When I was a little kid, I had to teach myself how to hold grudges.
The morning after an unpleasant altercation with a friend or seeming mistreatment at the hands of a teacher, I’d wake up and remind myself, “Remember, you don’t like that person. You will give them the stink-eye, you will avoid them in the halls, and you will most undoubtedly disapprove of every single thing they do.” I had at my command a world-class glare, one that my mother semi-affectionately calls my “steely blues,” and the highly petty ability to stay silent while making catty remarks to myself in my head. In other words, I couldn’t wait to deploy my arsenal.
Of course, the problem was that I rarely disliked any of these people as deeply as I pretended to. I don’t stay mad for very long, even today, and any lingering anger slowly soured into righteousness, wherein lay my mistake. Perhaps because it seemed easier to see the world as divided into two kinds of people, good and not-good, I developed the belief that I somehow lacked moral conviction if I failed to hold each person accountable for every single wrong thing that they did.
But “wrong,” like most terms judged by a kid, was a highly subjective label. Sometimes, it meant an action that was deliberate and cruel, like the girl who bullied me all the way through middle school and wrote insults on my binder in Sharpie; other times, it meant a potentially malicious accident, like the boy in my biology class who bumped into me in the hallway and didn’t notice enough to apologize. In the case of the former, my middle school tormentor, my condemnation of her wrongness was primarily a defense mechanism and nothing deeper. Even though she whispered behind my back the instant I turned away, I had a weakness for explaining Spanish exercises and would give in to her beseeching looks whenever we were in class together. As much as I hated her, I wasn’t quite vindictive enough to ignore her incompetence with languages, and I cursed myself for providing her with the opportunity to manipulate me while simultaneously taking note of my flaws. “If I had any real backbone,” I grumbled to myself, “I’d let her flunk Spanish.”
By the time I reached high school, I had the drill down pat. If I couldn’t be bothered to talk to someone, I’d shoot them my iciest stare and slink past them on my way to the library, enjoying the smug and satisfying feeling of moral judgment. I kept this up, although I relied on it less and less, until my junior year, when I had a massive fight with my then-best friend. To be fair, she was the one who stormed out of the room in a huff and left me to sulk by myself on the outskirts of our friend group for days, but I have absolutely no doubt the situation was exacerbated by my well-entrenched habit of avoidance. I was so hurt, in fact, that I avoided her for weeks, months even, until it was impossible to tell which one of us felt more ambivalent about salvaging our friendship.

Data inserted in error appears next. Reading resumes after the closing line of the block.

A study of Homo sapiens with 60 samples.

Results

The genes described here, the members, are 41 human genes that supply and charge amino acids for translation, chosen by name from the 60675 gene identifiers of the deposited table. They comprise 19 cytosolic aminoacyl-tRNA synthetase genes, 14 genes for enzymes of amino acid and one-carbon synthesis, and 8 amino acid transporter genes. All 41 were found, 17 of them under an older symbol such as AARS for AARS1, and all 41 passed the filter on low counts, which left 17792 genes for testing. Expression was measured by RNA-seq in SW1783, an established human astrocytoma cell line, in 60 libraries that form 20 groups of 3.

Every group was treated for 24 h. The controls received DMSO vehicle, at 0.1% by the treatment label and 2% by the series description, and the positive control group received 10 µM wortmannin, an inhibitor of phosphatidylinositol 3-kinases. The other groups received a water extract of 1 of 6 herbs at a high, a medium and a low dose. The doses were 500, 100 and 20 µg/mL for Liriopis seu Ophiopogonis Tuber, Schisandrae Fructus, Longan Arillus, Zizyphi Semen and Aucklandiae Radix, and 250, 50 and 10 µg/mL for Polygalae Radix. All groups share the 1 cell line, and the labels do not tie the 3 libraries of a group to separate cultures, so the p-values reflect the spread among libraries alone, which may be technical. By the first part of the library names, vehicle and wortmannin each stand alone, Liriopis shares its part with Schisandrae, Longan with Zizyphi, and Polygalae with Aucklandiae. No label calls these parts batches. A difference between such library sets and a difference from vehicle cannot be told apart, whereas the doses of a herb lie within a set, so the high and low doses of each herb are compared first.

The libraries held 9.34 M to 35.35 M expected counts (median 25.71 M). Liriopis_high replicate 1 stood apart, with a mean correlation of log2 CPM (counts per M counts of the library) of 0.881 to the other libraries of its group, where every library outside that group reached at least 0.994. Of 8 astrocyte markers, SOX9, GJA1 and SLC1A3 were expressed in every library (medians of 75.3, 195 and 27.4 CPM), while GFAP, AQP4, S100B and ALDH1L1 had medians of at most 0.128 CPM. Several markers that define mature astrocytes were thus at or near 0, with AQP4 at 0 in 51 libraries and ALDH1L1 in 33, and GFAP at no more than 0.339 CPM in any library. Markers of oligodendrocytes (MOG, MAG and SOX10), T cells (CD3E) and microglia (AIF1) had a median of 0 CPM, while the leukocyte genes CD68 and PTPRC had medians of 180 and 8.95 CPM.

Part of the conflict came from my other crisis management tactic, having a long conversation until the two of you discovered what had gone wrong and how you could be kinder to each other. Unfortunately, that approach completely fell through when, like me, you believed yourself to be the victim and weren’t about to apologize to someone you still thought was a raging jerk.
In elementary school, back when things were much simpler, my friends got around my moodiness by chasing me around the playground until I giggled and forgot about being upset. In high school, my best friend and I considered ourselves too mature, too secure in our perception of the many incidents that tore us apart, to ever try to break down each other’s barriers without aggression. She made small talk, and I was grouchy because I thought it was a waste of time; I hid out in the library, and she didn’t come to find me. And so I held onto that grudge for six months, and lost the best friend I thought I knew better than a sister.
It’s taken me until my freshman year of college to truly realize how silly this system of grudge-holding is, and how little it’s helped me over time. My rationalization had always been that someone at some point in my life would say, “Go you! Look at all the wrongs you’ve punished by remembering all these trivial affronts. You are clearly a good person, and I never would have thought that of you if you’d been weak and forgiving all those times. Your scales of judgment are exactly what this world’s been waiting for.” It used to be that whenever I read books in which a character returned to the arms of an adulterous lover, or friends agreed to let bygones be bygones, I’d exclaim aloud in frustration, positive that stubbornness was the biggest virtue.
Now, my rule is simple: be civil unless you think the person is absolute pond scum, and in that case, why waste your time hanging around them or trying to have an impact on their behavior? I’m fairly certain that no one’s going to pop out of the bushes any time soon and present me with a gold star for Judgiest Person of the Year; so as long as I’m happy in my friendships and give myself leeway to be a bit cranky on off days, I think I’m doing O.K. Sure, the kid version of me might consider me a wuss, but the adult version—which I’ll be stuck with for a lot longer—is much more at peace waking up without spreading discontent. And so, to all the grudges I cultivated with care: I can’t say I miss you, but I guess I owe you a goodbye.
Davis is a member of the class of 2017.